AD was the principal investigator of the research study; he conceived and designed the study, coordinated the research process, wrote part of the paper and corrected the final draft. DS contributed to the conception and design of the study, coordinated the research, carried out the statistical analysis, wrote part of the paper and contributed to the final draft. SN, PN, AP, ENR, CC and CT collected the data and wrote part of the paper. DM wrote part of the paper and was responsible together with AD, DS and LL for the final draft. LL had the overall overseeing of the research, read and corrected the paper and was responsible together with AD and DS for ethical approval. All authors have read and approved the manuscript.
Research on length of stay (LOS) of psychiatric inpatients is an under-investigated issue. In this naturalistic study factors which affect LOS of two groups of patients were investigated, focusing on the impact on LOS of medical comorbidity severe enough to require referral.
Active medical comorbidity was quantified using referral as the criterion. The study sample consisted of 200 inpatients with the diagnosis of schizophrenia and 228 inpatients suffering from bipolar disorder (type I or II). Jonckheere and Mann–Whitney tests were used to estimate the influence of referrals on LOS, and regression analyses isolated variables associated with LOS separately for each group.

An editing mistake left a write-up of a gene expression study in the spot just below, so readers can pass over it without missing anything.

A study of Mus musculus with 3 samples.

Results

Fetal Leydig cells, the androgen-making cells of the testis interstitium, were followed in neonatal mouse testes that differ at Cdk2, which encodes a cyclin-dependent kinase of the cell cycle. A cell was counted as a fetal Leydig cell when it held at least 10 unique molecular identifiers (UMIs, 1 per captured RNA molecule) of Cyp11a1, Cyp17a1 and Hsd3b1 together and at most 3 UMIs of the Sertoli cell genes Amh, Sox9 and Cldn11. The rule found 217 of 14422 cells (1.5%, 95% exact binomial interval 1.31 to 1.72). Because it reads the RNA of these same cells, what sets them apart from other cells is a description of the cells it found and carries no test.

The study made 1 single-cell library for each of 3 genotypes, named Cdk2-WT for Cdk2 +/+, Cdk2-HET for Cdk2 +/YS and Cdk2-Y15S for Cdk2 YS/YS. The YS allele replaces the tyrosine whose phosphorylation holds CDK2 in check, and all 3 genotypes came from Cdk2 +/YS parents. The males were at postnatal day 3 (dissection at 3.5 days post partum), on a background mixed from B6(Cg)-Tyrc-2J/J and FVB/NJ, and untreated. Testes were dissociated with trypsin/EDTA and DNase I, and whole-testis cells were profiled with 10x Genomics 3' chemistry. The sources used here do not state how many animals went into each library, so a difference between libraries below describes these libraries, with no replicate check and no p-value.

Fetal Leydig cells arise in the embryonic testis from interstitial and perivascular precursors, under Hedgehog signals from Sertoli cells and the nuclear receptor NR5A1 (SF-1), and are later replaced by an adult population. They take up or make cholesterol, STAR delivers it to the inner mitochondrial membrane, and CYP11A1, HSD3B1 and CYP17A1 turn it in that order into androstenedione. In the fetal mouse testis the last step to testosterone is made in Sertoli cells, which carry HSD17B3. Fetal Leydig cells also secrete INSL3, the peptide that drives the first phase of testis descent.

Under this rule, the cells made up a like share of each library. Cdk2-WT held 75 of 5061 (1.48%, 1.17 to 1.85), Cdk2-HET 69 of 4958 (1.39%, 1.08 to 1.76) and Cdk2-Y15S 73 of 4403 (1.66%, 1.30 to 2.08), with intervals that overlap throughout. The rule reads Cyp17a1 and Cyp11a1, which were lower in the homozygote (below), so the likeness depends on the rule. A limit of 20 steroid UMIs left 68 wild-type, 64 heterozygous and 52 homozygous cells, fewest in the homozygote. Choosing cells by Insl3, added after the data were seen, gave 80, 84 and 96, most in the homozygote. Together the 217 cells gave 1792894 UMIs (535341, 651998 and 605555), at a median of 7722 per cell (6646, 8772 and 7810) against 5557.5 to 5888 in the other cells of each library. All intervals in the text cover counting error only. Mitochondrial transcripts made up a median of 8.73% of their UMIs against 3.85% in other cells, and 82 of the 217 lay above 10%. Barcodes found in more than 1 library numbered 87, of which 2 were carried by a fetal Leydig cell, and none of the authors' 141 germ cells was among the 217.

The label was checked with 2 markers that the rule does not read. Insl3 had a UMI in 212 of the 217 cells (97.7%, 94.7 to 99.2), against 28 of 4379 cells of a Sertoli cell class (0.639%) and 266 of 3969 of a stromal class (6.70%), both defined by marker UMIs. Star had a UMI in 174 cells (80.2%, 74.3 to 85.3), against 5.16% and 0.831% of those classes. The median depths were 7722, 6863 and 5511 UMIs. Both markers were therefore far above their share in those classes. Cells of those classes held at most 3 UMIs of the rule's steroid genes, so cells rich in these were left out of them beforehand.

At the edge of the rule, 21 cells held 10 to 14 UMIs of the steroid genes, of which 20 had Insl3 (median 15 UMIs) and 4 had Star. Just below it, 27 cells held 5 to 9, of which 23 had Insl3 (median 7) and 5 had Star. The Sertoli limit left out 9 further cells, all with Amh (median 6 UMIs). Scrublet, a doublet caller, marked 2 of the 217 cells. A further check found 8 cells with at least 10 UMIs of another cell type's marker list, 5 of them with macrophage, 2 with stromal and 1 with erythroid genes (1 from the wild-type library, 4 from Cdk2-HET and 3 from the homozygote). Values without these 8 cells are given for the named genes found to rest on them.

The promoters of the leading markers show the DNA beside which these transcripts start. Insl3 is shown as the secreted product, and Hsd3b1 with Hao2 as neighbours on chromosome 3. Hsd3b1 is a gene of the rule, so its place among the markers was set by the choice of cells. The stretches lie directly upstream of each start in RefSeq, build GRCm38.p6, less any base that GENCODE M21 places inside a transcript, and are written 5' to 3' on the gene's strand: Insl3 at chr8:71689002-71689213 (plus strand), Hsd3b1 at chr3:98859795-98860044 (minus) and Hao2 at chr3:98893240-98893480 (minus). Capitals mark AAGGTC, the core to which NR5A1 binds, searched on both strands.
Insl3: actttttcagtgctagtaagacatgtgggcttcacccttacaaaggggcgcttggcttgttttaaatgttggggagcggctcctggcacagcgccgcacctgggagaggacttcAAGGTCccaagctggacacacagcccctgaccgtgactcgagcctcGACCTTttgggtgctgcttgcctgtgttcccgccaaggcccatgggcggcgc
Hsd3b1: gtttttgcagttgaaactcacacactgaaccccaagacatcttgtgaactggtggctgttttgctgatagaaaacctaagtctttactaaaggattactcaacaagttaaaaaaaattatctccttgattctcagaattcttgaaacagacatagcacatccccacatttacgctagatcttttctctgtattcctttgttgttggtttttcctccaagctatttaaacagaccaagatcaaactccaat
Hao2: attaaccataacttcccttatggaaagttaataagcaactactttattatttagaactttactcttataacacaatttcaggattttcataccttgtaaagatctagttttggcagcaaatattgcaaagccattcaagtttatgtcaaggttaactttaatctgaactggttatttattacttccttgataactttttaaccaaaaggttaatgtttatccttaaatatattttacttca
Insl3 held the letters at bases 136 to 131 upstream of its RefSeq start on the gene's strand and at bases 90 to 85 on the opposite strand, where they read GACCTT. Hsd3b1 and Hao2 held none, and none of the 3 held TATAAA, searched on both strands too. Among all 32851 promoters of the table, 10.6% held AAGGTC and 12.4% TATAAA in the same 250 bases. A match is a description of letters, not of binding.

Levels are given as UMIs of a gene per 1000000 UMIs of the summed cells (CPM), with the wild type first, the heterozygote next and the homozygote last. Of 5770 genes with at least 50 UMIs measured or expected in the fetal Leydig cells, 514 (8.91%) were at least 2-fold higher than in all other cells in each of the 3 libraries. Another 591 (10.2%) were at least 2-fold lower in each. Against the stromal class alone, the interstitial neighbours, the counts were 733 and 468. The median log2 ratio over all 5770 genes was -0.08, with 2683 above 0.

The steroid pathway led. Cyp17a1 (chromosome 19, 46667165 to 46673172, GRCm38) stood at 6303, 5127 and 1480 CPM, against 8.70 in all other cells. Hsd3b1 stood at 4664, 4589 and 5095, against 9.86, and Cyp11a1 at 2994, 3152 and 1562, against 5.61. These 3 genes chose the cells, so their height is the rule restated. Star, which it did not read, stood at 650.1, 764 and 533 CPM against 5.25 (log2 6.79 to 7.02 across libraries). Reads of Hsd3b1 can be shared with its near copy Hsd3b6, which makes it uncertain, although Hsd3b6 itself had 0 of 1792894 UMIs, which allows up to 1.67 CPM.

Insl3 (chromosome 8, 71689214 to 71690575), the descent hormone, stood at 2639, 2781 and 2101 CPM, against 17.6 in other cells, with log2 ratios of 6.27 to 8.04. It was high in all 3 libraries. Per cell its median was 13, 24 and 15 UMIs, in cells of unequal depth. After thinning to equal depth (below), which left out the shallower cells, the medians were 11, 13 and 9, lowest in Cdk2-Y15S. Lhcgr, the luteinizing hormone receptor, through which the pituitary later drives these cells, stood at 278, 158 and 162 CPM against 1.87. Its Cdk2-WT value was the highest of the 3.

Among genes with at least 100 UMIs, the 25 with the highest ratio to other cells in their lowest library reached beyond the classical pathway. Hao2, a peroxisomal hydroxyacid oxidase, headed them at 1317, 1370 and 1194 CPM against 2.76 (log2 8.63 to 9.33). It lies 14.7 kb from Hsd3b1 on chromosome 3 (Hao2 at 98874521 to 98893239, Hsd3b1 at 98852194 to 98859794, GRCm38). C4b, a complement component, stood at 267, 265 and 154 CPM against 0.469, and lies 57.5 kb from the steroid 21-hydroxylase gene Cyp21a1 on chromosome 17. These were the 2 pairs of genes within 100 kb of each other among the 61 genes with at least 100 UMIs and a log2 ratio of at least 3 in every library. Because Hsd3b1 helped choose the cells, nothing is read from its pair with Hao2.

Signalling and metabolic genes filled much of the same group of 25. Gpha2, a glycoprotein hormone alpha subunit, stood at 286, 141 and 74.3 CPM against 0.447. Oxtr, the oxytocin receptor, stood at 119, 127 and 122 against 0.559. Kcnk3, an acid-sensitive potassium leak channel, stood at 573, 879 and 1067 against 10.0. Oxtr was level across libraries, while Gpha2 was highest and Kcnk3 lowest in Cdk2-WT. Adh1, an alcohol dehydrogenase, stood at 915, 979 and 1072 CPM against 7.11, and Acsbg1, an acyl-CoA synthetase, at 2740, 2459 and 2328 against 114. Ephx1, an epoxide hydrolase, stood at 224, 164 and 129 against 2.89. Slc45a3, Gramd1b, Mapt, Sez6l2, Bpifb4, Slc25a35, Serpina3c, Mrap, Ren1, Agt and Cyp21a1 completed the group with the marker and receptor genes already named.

Half of the patients needed one or more referrals for a non-psychiatric problem. The most common medical condition of patients with bipolar disorder was arterial hypertension. Inpatients with schizophrenia suffered mostly from an endocrine/metabolic disease - 12% of referrals were for Hashimoto’s thyroiditis. A positive linear trend was found between LOS and number of referrals; the effect was greater for schizophrenia patients. The effect of referrals on LOS was verified by regression in both groups. Overall, referred patients showed greater improvement in GAF compared to controls.
To our knowledge this was the first study to investigate physical comorbidity in psychiatric inpatients using the criterion of referral to medical subspecialties. Comorbidity severe enough to warrant referral is a significant determinant of hospital stay. This insight may prove useful in health care planning. The results show lack of effective community care in the case of schizophrenia and negative symptoms may be the cause of this. Our findings call for more attention to be paid to the general medical needs of inpatients with severe mental health and concurrent severe medical comorbidity.